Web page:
Fractal Theatre Productions
The Hut, Jean Howie Drive
May 13 – 23 2015
Reviewed by Xanthe Coward, XS Entertainment
Refreshingly, My Love Had a Black Speed Stripe doesn’t contain too much obscene language or the graphic sex and violence that so many writers and directors insist on shoving down our throats at the moment (yes, until we’re gagging on it #sorrynotsorry), yet it’s hard-hitting enough to challenge us on all levels.
Brenna Lee-Cooney’s adaptation of Henry Williams’ classic ode to a car is hardcore Australian theatre at its best. Just as well it’s an intelligent company staging it, or we might miss the awful truth behind its bleak, blokey humour and be left with too-obvious crass nothingness.
Deeply entrenched in our culture, and highlighted by the black comedy in this piece, is the insidious dislike of and blatant disregard for anyone who is not regarded as one of our own. Migrants and the wife (and women in general) cop a hiding in this production, and we never see them get their own back because the revenge plot revolves around racist, misogynist Ron and his need to maintain his unique worldview.
Image: Gayle Wedemyer
Eugene Gilfedder played the multiple roles at La Boite in 2002 as part of The Holden Plays for the Brisbane (Energex) Festival, with Ian Lawson in the directors’ chair. I suspect this production is slightly different…
It’s a tough little show with moments of fluid, silvery, abstract perfection (in case we weren’t getting the correlation between car bodies and womens’ bodies). The physical theatre is at once strange and perfectly suitable, executed with skill and precision by Vanja Matula, Zoe DePlevitz & Beth Incognito. There’s an element of mime, which brings the action at times to a slow dream-like state – is this really happening?! Hot tip: sit towards the front of the room because there ain’t no tiered seating in the hut on Jean Howie Drive.
Having never read the original text by Henry Williams, the end comes as a complete surprise. The lengths to which the man goes to to exact revenge upon the poor souls who don’t fit his worldview… Really, we should have known. But who could imagine? In the first five minutes of the show we see exactly what sort of man Ron has been taught to be. He’s truly appalling but what the WHAT? WOW.
A lesser actor would make a dog’s breakfast of this role, rushing through the crass comparative comments and hurling rather than snarling insults, or indulging in the wrong moments, missing the point entirely.
The violence of the text is juxtaposed against pure poetry in the movement of DePlevitz, Incognito and Matula. Matula is at his best here, in multiple roles, but especially as that annoying neighbour, Mel Moody.
Side note: Since I finished feeling sick to my stomach through much of Christos Tsiolkas’s Dead Europe, in the car now I’m listening to Jon Kakauer’s Missoula – Rape and the Justice System in a College Town. Some of the accounts send shivers down my spine. It’s the same discomfort I experience while watching Ron run his hand down the torso of his wife, Rose, as the actor backbends into position to become the car’s gearstick.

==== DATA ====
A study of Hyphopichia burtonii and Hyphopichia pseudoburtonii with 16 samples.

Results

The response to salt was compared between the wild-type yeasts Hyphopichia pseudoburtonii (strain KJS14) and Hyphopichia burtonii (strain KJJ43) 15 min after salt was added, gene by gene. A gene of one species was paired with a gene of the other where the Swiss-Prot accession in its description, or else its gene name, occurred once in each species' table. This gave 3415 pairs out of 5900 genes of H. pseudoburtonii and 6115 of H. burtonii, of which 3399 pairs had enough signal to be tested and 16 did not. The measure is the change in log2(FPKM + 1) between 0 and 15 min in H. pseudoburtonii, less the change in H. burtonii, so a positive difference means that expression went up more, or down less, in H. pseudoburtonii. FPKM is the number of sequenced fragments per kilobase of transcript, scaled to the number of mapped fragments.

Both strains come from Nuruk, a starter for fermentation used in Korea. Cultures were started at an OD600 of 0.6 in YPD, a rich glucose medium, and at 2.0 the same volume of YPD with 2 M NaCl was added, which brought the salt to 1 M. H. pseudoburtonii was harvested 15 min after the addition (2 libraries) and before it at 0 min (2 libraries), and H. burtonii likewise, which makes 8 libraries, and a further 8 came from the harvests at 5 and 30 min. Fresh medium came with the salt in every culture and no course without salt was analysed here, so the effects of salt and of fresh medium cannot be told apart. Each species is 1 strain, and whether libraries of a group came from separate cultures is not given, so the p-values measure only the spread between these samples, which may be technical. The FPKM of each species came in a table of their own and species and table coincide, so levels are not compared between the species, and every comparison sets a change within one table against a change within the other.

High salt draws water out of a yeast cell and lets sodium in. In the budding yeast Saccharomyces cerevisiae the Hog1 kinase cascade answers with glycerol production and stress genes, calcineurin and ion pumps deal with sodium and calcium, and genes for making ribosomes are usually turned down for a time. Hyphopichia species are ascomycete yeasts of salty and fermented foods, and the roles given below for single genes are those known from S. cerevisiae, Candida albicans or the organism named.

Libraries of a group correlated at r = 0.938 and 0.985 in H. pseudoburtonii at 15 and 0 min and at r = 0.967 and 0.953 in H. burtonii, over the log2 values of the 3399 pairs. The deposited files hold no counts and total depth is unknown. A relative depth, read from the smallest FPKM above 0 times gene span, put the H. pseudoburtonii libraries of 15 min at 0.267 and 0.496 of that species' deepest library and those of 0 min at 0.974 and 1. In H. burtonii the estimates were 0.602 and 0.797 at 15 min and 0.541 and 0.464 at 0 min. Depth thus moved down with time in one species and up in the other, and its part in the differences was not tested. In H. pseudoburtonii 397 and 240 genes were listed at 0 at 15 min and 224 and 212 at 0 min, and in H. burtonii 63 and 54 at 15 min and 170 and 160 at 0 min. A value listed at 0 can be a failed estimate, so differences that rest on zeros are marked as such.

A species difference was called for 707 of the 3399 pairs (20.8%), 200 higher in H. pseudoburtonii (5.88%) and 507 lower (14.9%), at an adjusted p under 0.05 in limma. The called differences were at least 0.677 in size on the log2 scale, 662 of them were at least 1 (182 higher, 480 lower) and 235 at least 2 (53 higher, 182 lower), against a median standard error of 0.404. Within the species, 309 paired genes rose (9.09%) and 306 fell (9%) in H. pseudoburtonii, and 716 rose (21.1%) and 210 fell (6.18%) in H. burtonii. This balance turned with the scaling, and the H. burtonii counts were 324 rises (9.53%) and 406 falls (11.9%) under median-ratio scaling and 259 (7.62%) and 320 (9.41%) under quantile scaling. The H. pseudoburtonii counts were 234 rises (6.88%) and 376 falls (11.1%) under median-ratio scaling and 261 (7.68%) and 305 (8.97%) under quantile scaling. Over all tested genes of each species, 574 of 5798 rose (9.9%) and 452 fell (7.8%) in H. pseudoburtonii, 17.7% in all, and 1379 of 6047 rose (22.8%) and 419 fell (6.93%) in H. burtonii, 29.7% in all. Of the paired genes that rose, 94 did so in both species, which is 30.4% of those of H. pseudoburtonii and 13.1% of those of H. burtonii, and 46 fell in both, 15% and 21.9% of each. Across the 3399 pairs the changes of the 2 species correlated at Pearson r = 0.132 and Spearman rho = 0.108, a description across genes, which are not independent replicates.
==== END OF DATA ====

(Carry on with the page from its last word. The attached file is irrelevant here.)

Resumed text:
DePlevitz is wholly Rose and whatever else is required, in terms of car parts, machinary parts, etc, which gives her reading of the role of Wife-with-a-capital-w a deeply disturbing underlying awareness that maybe, just maybe, she deserves more. Have I ever seen this actor in anything before? If not why not? DePlevitz’s performance is heart-achingly on point.
I can’t imagine what this production would be like without its hardcore garage party soundtrack (with voice/guitar/lyrics & additional music by Finn Gilfedder-Cooney), the sound effects and pre-recorded soliloquies, and strangely colourful lighting states (Sound by Michael Bouwman. Lighting by Geoff Squires. Design Nicole Macqueen). I can’t picture a one-man show now that I’ve seen this ensemble’s polished body percussion and streamlined movement applied in the most imaginative ways I’ve seen outside of an actors’ workshop.
As we realise with horror what’s going to happen, and the play accelerates to reach its inevitable grisly end, I forget for a moment where I am. I’m surprised to find I’m exactly where I started, I haven’t moved, perched on the top of my seat with my feet on the actual seat in order to better see the performers who had begun on the black & white linoleum looking floor. I’m gripping the metal top of the chair.
“I watched my Monaro move off like some proud, doomed galleon…”
Terror. Horror. Unspeakable. I CAN’T EVEN. And then the epilogue. And then a rousing curtain call. And then the cold air outside.
I’m so impressed with this slick production. Lee-Cooney has assembled a stellar cast and turned some old-school theatrical tricks to create a deeply affecting, genuinely thrilling production, which I feel should be re-staged in front of the towering brick walls of Brisbane Powerhouse, filmed professionally and distributed to schools and theatre groups everywhere as an example of LOOK WHAT CAN BE CREATED WITH BODIES AND VOICES AND SOUND AND AN EMPTY SPACE.